Little remembered now, Strip entertainment columnist Don Usherson was a man of his time
More people than not think of the ’80s as a lost decade for Las Vegas, when it was just spinning its wheels waiting for The Mirage to open. Not Don Usherson. You will not find anyone who loved ’80s Vegas more than the longtime entertainment columnist and TV host, who died last month at age 72.
Usherson’s Las Vegas Review-Journal column championed the era’s mostly forgotten, mid-tier headliners, such as Louise Mandrell, Ray Stevens, and Yakov Smirnoff. But he devoted the same reverence and column space to journeyman lounge singers Catte Adams, Denise Clemente, or George Trullinger, the Buddy Holly impersonator in Legends in Concert.
When I announced I was shipping off from a Kansas City Star bureau for Las Vegas in late 1987, more than one person told me, “You’re going to have a showgirl for a girlfriend.” If only. But Don did (a gorgeous and also very sweet Legends dancer, Julie). For a couple of years there, he and I were quite the odd couple. I was brought in to be the “young guy” to cover the growing “locals” side of entertainment, and I complained about the R-J making us wear ties. Don was freelance, working outside the office, but never without the jacket with the handkerchief thingie in the pocket. And he introduced me to characters such as show producers John Stuart and Norbert Aleman (who I think was wearing a leopard-print jacket at the time) who, like Don, turned out to be the last of the breed for the Strip’s small-town, Miami Vice era.
It now gives me pause to realize Don was barely in his 40s. With a 13-year age difference, you’d think we would have shared more common ground in what’s now called classic rock. Don didn’t care about Bruce Springsteen or Pink Floyd. His tastes were much older, in line with what he covered. One of his columns in 1988 argued there was nothing wrong with targeting seniors with a vaudevillian lounge show called Sex Over 40: “After all, we have no qualms with staging acts like Sting, which we know is designed for much younger crowds.” Sting was 36 at the time, not quite five years younger than Don.
“These groups you write about — where do they get those names?” he would ask, shaking his head, cracking himself up. “What was that one? The Jesus and Mary something?” Our only shared love was the Rat Pack and the extended circle of legends who still played Bally’s and Caesars Palace.
Don’s news and show-review column ran alongside my features-section preview stories, written with a more skeptical eye toward what I saw as a tired, dated show scene. We were a good balance, a result of late R-J features editor Frank Fertado somehow anticipating the “new Vegas” about to arrive. Don would meet Frank and I for lunch and patiently try to school us on the virtues of the Strip’s entertainment product. The lunches always ended in a standoff. But he always admired my reporter’s background and was willing to see the difference from his perspective as a former hotel PR guy.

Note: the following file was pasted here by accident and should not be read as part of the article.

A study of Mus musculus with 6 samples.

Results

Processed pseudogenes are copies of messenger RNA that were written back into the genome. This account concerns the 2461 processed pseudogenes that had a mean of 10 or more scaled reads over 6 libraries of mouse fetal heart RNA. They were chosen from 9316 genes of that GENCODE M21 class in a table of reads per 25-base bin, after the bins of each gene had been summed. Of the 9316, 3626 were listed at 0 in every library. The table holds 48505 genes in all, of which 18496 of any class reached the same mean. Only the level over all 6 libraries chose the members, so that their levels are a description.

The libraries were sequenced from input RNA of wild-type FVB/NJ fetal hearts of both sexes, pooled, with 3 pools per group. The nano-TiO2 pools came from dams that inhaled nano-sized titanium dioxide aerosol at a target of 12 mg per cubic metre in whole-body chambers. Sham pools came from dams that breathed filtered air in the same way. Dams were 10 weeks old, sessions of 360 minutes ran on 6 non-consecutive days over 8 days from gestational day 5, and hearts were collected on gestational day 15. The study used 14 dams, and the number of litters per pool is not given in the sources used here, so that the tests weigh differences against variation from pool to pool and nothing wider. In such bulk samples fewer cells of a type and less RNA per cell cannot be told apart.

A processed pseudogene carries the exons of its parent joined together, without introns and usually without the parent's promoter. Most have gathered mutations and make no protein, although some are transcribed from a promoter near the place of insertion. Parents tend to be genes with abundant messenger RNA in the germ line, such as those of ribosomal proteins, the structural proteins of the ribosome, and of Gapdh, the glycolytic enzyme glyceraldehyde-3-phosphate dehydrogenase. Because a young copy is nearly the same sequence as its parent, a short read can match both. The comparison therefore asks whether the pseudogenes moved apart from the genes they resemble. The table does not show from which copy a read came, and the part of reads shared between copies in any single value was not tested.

Somehow, “a fairly nerdy former history teacher,” as Don once described himself on Facebook, made his way from suburban New Jersey to become the PR guy for the Strip’s largest hotel, the MGM Grand, by the time of its devastating 1980 fire. He also promoted the early days of Legends in Concert, which made celebrity impersonators a fixture of casino entertainment.
The R-J ended Don’s column in 1990, bringing show coverage in-house by hiring Michael Paskevich to cover an expanding entertainment picture. Don built up his locally produced, late-night talk show Las Vegas at Night, with local broadcast stations picking it up through the Channel America Network before its home base at the Dunes was imploded in 1993.
His columns often had bite, but criticism came as much from a hotelier’s point of view as a ticket-buyer’s. Thinking about it now, he was the natural transition between the glorified press releases of the Earl Wilson-styled guys such as Forrest Duke and Ralph Pearl and the modern perspective that Paskevich brought.
Writing about the September 1988 opening of the Catch a Rising Star comedy club, Don asked if we were going to replace the greats such as Frank Sinatra with “just comics? That seems to be the direction the city is taking. … But the tide will inevitably swing again, as it always does, and comedy’s popularity will start to wane as Las Vegas audiences start to clamor for more solid musical entertainment. There probably won’t be enough to go around though, without the city nurturing it as it did in the ’50s and ’60s.”
Any columnist trying to predict the future is lucky to be at least half right. The comedians pretty much took over the marquee space for headline names, and Cirque shows or pop stars in concert meant there was never a need to groom that future wave of old-school entertainers. But I hope there are plenty of them up there in the “Big Casino,” as a terminally ill character in Ocean’s Eleven called it. Based on Don’s final Facebook posts — empathetic and accepting of whatever was coming his way, with no immediate family left to share the journey — the maitre d’ will walk him right up front to a prime booth. And he will never have to worry about the dress code.